FERGUSON - Work continues on the drained lake at Green Castle Recreation Area south of Ferguson, with hopes to have it back up to speed this fall.
Mike Stegmann, director of the Marshall County Conservation Board, said they still have silt removal to do, improvements on the shore line and fish habitat work to complete before they let the lake totally refill. An infestation of common carp led to the decision to drain the lake last year.
"The fisheries down there have been degraded to the point where it was totally unproductive," Stegmann said.
T-R PHOTO BY ANDREW POTTER
The lake at Green Castle Recreation Area south of Ferguson was drained last year to make improvements. The lake is expected to be allowed to be refilled by this fall.
Stegmann's staff will start the restocking of fish in the spring and summer months of portions of the lake where there is water, leading up to them letting it totally refill in the fall.
Another improvement at the park is the addition of an 8-foot fence for the bison pasture, which currently includes four bison.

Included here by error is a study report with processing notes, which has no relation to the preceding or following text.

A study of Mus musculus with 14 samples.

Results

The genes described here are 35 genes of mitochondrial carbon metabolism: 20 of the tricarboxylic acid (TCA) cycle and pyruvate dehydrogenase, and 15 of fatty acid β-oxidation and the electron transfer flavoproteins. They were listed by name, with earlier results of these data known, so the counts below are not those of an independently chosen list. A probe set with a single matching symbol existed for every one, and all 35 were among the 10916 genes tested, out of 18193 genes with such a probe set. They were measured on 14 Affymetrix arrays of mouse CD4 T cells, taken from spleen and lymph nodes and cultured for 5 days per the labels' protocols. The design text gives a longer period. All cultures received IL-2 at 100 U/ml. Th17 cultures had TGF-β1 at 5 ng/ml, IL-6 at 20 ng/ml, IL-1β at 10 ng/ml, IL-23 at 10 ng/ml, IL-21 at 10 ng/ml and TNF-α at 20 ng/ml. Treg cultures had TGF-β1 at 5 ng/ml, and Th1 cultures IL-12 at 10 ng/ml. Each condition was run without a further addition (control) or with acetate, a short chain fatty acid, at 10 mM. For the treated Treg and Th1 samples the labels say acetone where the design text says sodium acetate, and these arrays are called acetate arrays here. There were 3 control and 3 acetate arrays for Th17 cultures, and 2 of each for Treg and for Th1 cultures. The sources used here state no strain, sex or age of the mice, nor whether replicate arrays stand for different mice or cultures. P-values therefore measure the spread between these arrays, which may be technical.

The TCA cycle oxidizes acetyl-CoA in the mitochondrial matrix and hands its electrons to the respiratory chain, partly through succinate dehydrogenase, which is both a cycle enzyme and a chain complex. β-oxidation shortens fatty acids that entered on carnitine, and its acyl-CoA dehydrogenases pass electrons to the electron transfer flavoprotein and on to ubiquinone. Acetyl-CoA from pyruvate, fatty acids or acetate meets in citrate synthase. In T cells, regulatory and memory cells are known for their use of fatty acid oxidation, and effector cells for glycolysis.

This fence, paid for by private donations, will add far more safety to the facility for both the bison and visitors to the park. Several posts have been installed already with the completion of the fence to be done when county staff has time, Stegmann said.
As if these projects aren't enough, the future of the park will also include a new campground. Stegmann said the board will be presented the final conceptual design Monday of the proposed campground by Civil Design Advantage of Grimes. From there, the county will go on a major fundraising campaign as well as look into grants to pay for the new campground. Stegmann said since the funds are not in place there is no timeline for when the campground will be built.
Stegmann said park lovers have been understanding through this process to improve the lake and its fishing conditions for the future.
"The park is one of the cornerstones of the county," Stegmann said. "Hopefully by fall we'll have most of the work down on the lake and bison pasture."